Taiwan Unveils First Domestically-Built Submarine

Tsai Ing-wen
President Tsai Ing-wen, center, with Taiwan's first domestically-built sub (ROC Ministry of National Defense)

Published Sep 29, 2023 8:20 PM by The Maritime Executive

After years of painstaking effort, the government of Taiwan has unveiled its first domestically-built submarine, the Haikun. It is a key element of Taipei's plans to defend against a cross-strait invasion, which would be spearheaded by the far larger People's Liberation Army Navy. 

The $1.5 billion diesel-electric attack sub is the first in a series of eight. It was locally built using technology and parts sourced from at least half a dozen allied nations, including the United States and the UK. The newbuilds will augment the four aging submarines in the inventory of the Republic of China Navy (ROCN) - two WWII-era subs from the U.S. Navy, used primarily for training, and two Dutch-built subs dating to the 1980s. The second new sub in the series is due to deliver in 2027.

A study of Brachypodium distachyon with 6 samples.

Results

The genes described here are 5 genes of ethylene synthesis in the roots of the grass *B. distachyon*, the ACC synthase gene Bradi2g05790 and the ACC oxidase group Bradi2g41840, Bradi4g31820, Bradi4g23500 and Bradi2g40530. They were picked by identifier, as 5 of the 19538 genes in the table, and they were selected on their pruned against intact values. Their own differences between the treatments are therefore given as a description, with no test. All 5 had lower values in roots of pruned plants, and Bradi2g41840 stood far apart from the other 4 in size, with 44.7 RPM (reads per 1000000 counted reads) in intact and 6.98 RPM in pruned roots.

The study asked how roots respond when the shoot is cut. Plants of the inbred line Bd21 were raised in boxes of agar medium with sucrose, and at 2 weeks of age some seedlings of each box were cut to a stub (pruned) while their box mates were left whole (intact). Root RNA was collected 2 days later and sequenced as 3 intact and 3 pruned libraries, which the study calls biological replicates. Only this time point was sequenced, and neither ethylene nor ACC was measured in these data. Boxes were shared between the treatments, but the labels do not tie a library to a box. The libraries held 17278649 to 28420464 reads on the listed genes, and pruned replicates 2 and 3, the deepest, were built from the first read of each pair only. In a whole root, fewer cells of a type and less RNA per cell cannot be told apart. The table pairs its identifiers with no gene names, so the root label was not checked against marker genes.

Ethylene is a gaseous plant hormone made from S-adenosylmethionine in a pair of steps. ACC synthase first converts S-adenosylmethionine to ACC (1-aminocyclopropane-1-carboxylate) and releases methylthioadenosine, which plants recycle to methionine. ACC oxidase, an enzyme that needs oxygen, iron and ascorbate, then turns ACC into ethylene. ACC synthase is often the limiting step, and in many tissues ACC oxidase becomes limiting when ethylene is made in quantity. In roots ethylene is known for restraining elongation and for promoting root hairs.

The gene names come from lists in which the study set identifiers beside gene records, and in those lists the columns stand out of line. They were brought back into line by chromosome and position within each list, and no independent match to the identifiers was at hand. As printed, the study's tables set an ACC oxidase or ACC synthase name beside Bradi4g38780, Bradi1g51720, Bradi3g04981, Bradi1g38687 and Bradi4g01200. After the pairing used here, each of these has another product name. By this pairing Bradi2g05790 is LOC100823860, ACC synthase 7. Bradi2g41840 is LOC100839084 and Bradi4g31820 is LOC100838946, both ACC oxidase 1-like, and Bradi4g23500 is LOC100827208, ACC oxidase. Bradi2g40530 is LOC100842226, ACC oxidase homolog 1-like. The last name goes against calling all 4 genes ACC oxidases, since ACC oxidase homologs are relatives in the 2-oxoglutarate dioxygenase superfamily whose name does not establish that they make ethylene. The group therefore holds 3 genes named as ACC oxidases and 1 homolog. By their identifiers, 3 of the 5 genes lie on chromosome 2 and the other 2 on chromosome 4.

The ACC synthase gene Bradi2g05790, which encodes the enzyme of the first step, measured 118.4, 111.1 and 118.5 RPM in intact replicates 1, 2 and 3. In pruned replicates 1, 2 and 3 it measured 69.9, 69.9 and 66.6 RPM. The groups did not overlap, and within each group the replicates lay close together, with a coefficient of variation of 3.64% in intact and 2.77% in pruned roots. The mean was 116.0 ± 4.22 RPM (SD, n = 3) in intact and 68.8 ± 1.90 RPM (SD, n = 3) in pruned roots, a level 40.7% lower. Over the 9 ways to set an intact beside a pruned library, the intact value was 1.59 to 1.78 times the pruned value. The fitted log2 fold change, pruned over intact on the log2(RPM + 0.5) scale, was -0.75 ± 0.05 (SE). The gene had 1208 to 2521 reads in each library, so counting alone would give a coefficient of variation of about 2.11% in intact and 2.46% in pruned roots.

Haikun will be armed with American-made torpedoes and an integrated combat system built by Lockheed, according to Reuters. The sub is reportedly not fitted with an air-independent propulsion system, which would allow it to remain submerged for extended periods. This shortcoming could be worked around, Prof. James Holmes of the U.S. Naval War College told Japan Times, if the subs were kept close to their home ports and used for short out-and-back sorties into the Taiwan Strait. 

The name "Haikun" refers to a mythical fish from classical Chinese literature, known for its size and ability to fly. Taiwan also refers to the sub as the Narwhal for English-speaking audiences. 

"With our first domestically produced submarine, Taiwan has taken a substantial step in boosting self-sufficiency in defense and protecting its territorial waters," said Tsai Ing-wen, Taiwan's president. “In the past, building submarines domestically was considered 'Mission Impossible.' But today, a submarine designed and built by our own people is right in front of everyone — we did it."

China's government disagrees about the program's potential. "No amount of weapons [Ing-wen's] Democratic Progressive Party buys or makes can stop reunification with the motherland," a Chinese defense ministry spokesperson responded when asked by the BBC.